Opinion: 3 ways to harness AI for social good

A person takes a photo of Sophia, a social humanoid robot by Hanson Robotics at the 2017 AI for GOOD Global Summit. Photo by: R.Farrell / ITU / CC BY 

Artificial intelligence has crept into the social sector — from the criminal justice system, to disaster management, to health care. In global development, we have begun using it to predict who will drop out of HIV care, identify poor households in data scarce areas, and determine why women are dying in childbirth.

Advances in areas such as reinforcement, deep learning, and causal machine learning are already offering multiple ways to advance social good.

“The AI field is like a hip teenager in a rich household, fueled by unlimited money, as the tech giants race to optimize the next click online.”

— Sema Sgaier, co-founder and executive director, Surgo Foundation

As a scientist who applies AI in her development work, I find the enormous potential exhilarating. Yet there remains a startling lack of collaboration between these worlds.

Two key elements are missing that we must urgently address.

The right people at the table: At a recent conference on AI, I was shocked to see no government represented, civil society barely present, and not a single large global donor. Above all, the voice of the global south is missing in these discussions, dominated by techies from corporates such as Google, Facebook, and Bloomberg, all unveiling the latest algorithms and their applications to industry. With AI rapidly affecting global development, we need to proactively engage to shape the work.  

The right projects: Development experts working in resource-poor settings are poised to embrace AI-driven solutions. But most of the papers on development topics come out of universities working on projects where the data lies, not where we have the most important questions. With AI shaping our lives, we can’t let the technical community alone decide what problems should be solved for and how.


The fundamental issue is the question of trustworthiness, which is directly linked to the ability to explain what is happening. Often, data scientists are not able to explain why an algorithm makes a recommendation. The layers of computation in the black box are so deep that we can no longer make sense of it.

Other times, recommendations are warped, such as Amazon’s screening tool that was inherently biased against hiring women because it was based on data from men. Already, such job-matching technologies are emerging in Africa, where data is similarly biased and disaggregated data by gender is lacking, putting women and girls at an extreme disadvantage. 

These interrelated issues of trustworthiness, explainability, and bias are particularly acute in AI for development, where the most important social issues are a matter of life and death. That is why I believe global development leaders must urgently take these three steps:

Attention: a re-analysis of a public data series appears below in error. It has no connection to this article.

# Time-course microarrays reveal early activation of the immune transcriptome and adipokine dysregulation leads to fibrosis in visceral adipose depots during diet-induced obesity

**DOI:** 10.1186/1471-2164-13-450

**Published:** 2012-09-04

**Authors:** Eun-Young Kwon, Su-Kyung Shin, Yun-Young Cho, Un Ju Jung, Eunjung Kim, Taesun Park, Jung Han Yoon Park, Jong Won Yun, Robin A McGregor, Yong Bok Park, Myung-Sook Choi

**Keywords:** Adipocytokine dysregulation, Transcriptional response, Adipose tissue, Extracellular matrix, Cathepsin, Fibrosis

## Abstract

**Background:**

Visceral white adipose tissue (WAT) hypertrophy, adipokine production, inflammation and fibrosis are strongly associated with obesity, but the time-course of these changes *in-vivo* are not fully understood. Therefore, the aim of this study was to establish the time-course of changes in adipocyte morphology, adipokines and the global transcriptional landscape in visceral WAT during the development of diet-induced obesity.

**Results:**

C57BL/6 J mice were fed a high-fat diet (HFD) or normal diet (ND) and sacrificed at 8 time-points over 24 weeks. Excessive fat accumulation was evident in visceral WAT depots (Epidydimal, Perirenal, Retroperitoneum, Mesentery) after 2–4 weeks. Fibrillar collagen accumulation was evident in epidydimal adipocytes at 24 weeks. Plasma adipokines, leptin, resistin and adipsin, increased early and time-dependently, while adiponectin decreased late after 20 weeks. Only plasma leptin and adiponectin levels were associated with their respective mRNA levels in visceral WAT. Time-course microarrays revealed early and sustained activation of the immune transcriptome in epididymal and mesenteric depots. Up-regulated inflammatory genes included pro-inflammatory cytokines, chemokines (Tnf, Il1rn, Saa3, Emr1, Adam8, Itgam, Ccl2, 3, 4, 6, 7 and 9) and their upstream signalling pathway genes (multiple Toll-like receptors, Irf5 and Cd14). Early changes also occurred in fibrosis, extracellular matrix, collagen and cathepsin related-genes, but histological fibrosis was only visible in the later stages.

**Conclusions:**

1. Educate ourselves

If we want AI applied to problems that matter to us and in the most appropriate right way, we need to be much more informed customers of this new technology. Right now, AI is a magic box and we are all allured by it. We need to understand that this is not a silver bullet, but one that can complement other analytic and tech tools that we have.

We need to be aware of the kind of problems it can solve and its limitations. Just like statistics, AI and machine learning should become part of any curriculum that trains practitioners for global development.

In the meantime, we should all take the responsibility to learn more. There are excellent resources online, such as a recent report by the U.S. Agency for InternationaI Development on making AI work for international development.

2. Advocate for transparency

Before implementing a recommendation made by an algorithm, we must insist that data scientists can explain the math. Our data on developing countries is messy, with many holes, mistakes, and extreme disparities. We need to be careful that these algorithms don’t increase the chasm rather than bridge the divide.


But this poses the risk of having no human to sanity-check the decision.

3. Shape the agenda

Most importantly, we need to step up and shape the agenda so that the application of this technology is aligned with our priorities. We need to pay close attention to the developments in this field to ensure our voices are in the room, asking the hard questions and pushing scientists to make the right choices.

We should also organize forums that purposefully bring the development and AI technical community together, and proactively reach out to AI experts to share our data so we can collaborate on problems that are important to us.

AI is a part of global development and will only increase in prominence. It’s time to swiftly get up to speed and play an active role in shaping how this field works for us, before it’s too late.

The views in this opinion piece do not necessarily reflect Devex's editorial views.

About the author

  • Sema Sgaier

    Dr. Sema Sgaier is co-founder and executive director of Surgo Foundation, a privately funded action tank whose mission is combining a customer obsessed agenda with a thinking in systems to solve complex global development problems. She works at the intersection of behavior, data, and technology. Previously at the Bill & Melinda Gates Foundation, she led large-scale health programs in India and Africa. She is faculty at the Harvard T.H. Chan School of Public Health. She was selected as a Rising Talent by the Women’s Forum for the Economy and Society. Sema has a Ph.D. in neuroscience.